Local shareholders should be given the same rights as their peers in the United States and the UK to call public companies to account on environmental, social and governance issues at their annual meetings, the Australian Council of Superannuation Investors said.

In a report released on Thursday, October 26, 2017, ACSI stated that Australia’s corporate rules restrict shareholders from making non-binding resolutions at annual general meetings (AGMs) to hold public companies to account on important ESG issues.

ACSI chief executive Louise Davidson said shareholders in similar jurisdictions, such as the US and UK, have used non-binding resolutions to improve company disclosure on risks associated with sustainability, climate change, labour and human rights.

Australian rules, however, require a constitutional change for such a resolution, which needs 75 per cent of the votes in favour to pass. That is too restrictive, ACSI argues.

The report, titled Shareholder Resolutions in Australia: Is there a better way?, stated that the current voting threshold is so high only one resolution has passed – the 2016 Rio Tinto board-endorsed resolution in favour of improved climate-related disclosure.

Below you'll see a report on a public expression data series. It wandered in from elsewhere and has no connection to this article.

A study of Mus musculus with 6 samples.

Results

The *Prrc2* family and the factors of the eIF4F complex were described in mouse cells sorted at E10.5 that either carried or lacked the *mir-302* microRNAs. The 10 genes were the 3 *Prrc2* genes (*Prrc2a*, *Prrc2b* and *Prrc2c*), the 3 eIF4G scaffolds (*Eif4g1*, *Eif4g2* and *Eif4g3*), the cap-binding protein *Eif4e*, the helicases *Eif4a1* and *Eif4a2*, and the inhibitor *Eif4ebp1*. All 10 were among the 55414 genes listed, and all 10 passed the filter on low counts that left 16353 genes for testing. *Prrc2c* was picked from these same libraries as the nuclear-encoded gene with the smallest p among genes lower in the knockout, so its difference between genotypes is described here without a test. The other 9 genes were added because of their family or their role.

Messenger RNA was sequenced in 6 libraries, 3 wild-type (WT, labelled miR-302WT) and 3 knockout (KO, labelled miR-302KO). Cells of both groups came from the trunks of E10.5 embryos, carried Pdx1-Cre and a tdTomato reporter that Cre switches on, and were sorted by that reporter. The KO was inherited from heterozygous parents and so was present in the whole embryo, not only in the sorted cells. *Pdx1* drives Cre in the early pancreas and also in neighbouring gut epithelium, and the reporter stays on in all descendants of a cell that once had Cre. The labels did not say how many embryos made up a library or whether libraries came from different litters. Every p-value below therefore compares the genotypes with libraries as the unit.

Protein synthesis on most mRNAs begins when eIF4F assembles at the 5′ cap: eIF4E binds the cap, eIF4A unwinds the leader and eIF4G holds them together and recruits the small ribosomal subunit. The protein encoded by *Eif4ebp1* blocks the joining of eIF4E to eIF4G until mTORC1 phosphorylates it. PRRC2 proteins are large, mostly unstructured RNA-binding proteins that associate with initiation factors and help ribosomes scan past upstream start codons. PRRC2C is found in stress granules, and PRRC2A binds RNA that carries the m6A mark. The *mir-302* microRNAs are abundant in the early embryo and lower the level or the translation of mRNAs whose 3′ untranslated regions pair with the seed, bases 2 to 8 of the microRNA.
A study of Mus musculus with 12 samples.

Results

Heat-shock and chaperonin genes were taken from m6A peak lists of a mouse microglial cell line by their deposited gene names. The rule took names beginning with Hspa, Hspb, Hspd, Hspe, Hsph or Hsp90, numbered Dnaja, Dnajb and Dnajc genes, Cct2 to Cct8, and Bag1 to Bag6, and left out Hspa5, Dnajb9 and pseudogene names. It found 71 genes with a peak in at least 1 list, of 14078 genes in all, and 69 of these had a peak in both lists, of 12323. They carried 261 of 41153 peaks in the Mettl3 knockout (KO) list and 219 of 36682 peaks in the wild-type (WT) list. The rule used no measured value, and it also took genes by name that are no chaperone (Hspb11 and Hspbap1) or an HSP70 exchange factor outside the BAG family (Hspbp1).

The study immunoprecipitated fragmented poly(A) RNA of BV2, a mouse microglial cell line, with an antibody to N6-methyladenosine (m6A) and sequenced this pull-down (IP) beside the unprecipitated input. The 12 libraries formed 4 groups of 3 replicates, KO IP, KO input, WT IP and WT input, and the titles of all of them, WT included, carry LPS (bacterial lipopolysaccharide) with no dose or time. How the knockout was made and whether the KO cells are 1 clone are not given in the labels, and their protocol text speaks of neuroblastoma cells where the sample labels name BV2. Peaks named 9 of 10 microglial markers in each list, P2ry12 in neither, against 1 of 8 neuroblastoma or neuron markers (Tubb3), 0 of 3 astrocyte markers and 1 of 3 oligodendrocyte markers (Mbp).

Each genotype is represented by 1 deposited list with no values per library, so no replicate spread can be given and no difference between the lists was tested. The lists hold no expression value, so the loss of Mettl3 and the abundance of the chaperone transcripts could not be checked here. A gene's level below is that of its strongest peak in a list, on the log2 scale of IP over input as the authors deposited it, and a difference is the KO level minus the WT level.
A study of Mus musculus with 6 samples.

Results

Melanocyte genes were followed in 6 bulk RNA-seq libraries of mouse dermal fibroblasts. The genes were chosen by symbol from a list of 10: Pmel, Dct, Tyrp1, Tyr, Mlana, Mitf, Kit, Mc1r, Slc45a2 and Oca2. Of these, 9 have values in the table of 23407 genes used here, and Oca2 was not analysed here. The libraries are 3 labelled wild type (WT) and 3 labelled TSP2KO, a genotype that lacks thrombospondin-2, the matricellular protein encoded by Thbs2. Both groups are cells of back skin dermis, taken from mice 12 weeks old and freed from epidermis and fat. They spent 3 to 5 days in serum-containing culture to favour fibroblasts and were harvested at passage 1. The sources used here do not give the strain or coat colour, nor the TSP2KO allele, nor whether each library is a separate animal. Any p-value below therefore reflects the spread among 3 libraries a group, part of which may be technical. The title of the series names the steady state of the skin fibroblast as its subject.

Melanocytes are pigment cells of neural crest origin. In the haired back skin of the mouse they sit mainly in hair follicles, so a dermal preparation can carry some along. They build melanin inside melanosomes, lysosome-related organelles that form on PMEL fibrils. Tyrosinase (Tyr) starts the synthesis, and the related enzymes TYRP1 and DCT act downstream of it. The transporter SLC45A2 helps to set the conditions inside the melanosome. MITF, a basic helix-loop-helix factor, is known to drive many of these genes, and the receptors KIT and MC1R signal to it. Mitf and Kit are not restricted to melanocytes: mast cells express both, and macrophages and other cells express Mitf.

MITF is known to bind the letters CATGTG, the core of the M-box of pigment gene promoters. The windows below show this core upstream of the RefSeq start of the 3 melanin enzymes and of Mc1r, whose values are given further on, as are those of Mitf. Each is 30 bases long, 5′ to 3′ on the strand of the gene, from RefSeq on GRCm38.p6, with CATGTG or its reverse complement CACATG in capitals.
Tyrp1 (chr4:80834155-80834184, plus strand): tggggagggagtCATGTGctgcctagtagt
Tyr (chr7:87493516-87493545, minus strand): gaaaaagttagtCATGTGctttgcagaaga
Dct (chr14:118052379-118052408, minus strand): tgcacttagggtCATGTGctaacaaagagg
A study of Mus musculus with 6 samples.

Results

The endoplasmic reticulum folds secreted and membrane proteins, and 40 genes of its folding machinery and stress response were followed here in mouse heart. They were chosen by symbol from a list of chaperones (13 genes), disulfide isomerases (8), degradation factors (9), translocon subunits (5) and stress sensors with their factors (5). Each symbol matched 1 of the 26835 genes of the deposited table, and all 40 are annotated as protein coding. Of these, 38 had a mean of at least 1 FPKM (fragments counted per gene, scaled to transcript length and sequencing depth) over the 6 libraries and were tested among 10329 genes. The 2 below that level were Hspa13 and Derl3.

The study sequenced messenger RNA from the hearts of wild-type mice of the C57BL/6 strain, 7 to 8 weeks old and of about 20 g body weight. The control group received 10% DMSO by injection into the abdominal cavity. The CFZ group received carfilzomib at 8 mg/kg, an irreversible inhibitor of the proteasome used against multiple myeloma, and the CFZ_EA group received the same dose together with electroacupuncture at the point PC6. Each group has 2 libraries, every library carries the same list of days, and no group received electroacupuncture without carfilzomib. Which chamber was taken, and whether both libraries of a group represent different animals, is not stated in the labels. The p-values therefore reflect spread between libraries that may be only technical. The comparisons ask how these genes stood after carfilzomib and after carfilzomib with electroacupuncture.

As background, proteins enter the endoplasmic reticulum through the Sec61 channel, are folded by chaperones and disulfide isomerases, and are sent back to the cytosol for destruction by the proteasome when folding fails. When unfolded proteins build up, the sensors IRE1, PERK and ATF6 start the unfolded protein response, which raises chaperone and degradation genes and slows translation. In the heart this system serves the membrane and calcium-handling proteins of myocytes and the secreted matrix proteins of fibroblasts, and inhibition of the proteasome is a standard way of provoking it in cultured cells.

ACSI wants Australian public companies to allow non-binding shareholder resolutions, maintaining the current threshold of 5 per cent of capital or 100 shareholders for bringing proposals.

This would escalate ESG issues where company engagement is not working, Davidson said.

“We have seen a rush of shareholder resolutions this AGM season that are actually seeking to create a non-binding vote in individual companies,” she said. “We think this issue would be better dealt with on a market-wide basis. The business case for the proposed reform is solid. Shareholders lose money when companies ignore ESG risks.”

She said investors and companies are increasingly focused on financially material ESG issues, but there is still more to be done.

“Ultimately, we want to see all companies better managing climate-related, labour and human rights, or disclosure risks,” she said.

ACSI represents 31 member funds, with a collective funds under management of $1.6 trillion. The council’s stakeholders, which are mostly industry super funds, own 10 per cent, on average, of every company in the ASX 200.

Davidson said the council’s members and other asset managers consulted for the report agreed that a non-binding resolution was a good step towards better company disclosure.

“We want to see all companies better managing climate-related, labour and human rights or disclosure risks and our proposal for reform will help deliver this,” she said.

She pointed to Australian Prudential Regulation Authority director Geoff Summerhayes’ comments earlier this year that some climate risks are distinctly “financial in nature and many of them are foreseeable, material and actionable now”.

Davidson said several public companies had already signalled support for the proposed changes.